George W. Is No George Washington
February 19, 2007
On President’s Day, Bush went to Mount Vernon. He should have thought twice about that.
“This is the home of the first George W.,” he said. And by way of attempted humor, he said: “He doesn’t look a day over 275 years old.”
Bush compared “George Washington’s long struggle for freedom” with his own military adventures. “Today, we’re fighting a new war to defend our liberty and our people and our way of life,” Bush said.
And Bush cited Washington’s Farewell Address as support for these adventures.
But that’s hard to find if you examine that address.
For here are some of things that Washington said there:
“Observe good faith and justice towards all nations; cultivate peace and harmony with all.”
“Cherish public credit. One method of preserving it is to use it as sparingly as possible, avoiding occasions of expense by cultivating peace.”
“Permanent, inveterate antipathies against particular nations, and passionate attachments for others, should be excluded. The nation which indulges towards another a habitual hatred or a habitual fondness is in some degree a slave. It is a slave to its animosity or to its affection.”
“Antipathy in one nation against another disposes each more readily to offer insult and injury, to lay hold of slight causes of umbrage, and to be haughty and intractable.”
He cautioned against “projects of hostility instigated by pride, ambition, and other sinister and pernicious motives.”
And, 160 years before Eisenhower, he warned against “overgrown military establishments which, under any form of government, are inauspicious to liberty, and which are to be regarded as particularly hostile to republican liberty.”
Washington underscored the need for the Constitution to be “sacredly maintained,” calling it “sacredly obligatory upon all.”
And he particularly warned against “usurpation” by one branch of government over another. He called this “the customary weapon by which free governments are destroyed.”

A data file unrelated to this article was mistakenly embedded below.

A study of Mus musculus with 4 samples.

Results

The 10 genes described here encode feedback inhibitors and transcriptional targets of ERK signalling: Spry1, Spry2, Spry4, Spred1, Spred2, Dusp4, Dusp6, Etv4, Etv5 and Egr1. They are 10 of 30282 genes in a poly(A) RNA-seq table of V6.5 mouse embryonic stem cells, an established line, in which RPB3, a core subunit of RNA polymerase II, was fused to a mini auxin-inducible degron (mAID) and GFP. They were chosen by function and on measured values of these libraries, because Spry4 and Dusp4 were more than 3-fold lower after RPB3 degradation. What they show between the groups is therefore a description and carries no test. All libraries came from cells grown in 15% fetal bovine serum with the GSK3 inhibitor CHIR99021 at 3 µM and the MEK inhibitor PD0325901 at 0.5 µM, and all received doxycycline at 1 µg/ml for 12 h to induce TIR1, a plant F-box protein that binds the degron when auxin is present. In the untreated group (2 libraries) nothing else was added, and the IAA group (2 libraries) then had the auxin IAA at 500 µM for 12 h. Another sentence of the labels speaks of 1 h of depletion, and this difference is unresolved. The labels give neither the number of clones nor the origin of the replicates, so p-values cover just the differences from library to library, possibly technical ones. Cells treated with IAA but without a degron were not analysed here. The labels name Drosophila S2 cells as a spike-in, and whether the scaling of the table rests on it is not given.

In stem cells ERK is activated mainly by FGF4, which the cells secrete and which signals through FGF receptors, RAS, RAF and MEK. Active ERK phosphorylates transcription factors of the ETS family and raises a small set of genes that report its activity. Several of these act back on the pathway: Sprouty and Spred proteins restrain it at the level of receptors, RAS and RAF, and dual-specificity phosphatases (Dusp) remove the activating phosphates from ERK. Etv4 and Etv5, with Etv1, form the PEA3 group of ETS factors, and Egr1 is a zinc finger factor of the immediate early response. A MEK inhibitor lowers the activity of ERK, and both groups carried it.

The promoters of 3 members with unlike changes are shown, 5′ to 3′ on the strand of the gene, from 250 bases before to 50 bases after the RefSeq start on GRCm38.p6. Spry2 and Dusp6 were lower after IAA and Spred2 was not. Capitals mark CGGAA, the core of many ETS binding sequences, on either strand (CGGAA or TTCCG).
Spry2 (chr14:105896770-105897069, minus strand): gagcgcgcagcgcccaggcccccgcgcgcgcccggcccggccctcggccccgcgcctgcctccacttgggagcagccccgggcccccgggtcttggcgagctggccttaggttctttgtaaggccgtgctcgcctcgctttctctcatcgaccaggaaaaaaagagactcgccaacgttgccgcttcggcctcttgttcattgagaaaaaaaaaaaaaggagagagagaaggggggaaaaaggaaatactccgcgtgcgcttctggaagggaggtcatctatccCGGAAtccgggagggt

In fact, he referred to it as despotism.
Here’s the passage:
“It is important, likewise, that the habits of thinking in a free country should inspire caution in those entrusted with its administration, to confine themselves within their respective constitutional spheres, avoiding in the exercise of the powers of one department to encroach upon another. The spirit of encroachment tends to consolidate the powers of all the departments in one, and thus to create, whatever the form of government, real despotism.”
Under this definition, George W. Bush has created “real despotism” in the United States. He has encroached upon Congress’s war powers. He has violated laws and treaties against torture. He has violated the separation of powers by issuing more than 750 signing statements. And he has usurped the roles both of Congress and the courts by violating the FISA Act and spying on Americans without a warrant.
In his Second Inaugural Address, Washington was clear about what should happen to a President who does not uphold the Constitution.
“If it shall be found during my administration of the government I have in any instance violated willingly or knowingly the injunctions thereof, I may (besides incurring constitutional punishment) be subject to the upbraidings of all who are now witnesses of the present solemn ceremony.”
Call George Washington to be a witness for Bush's impeachment.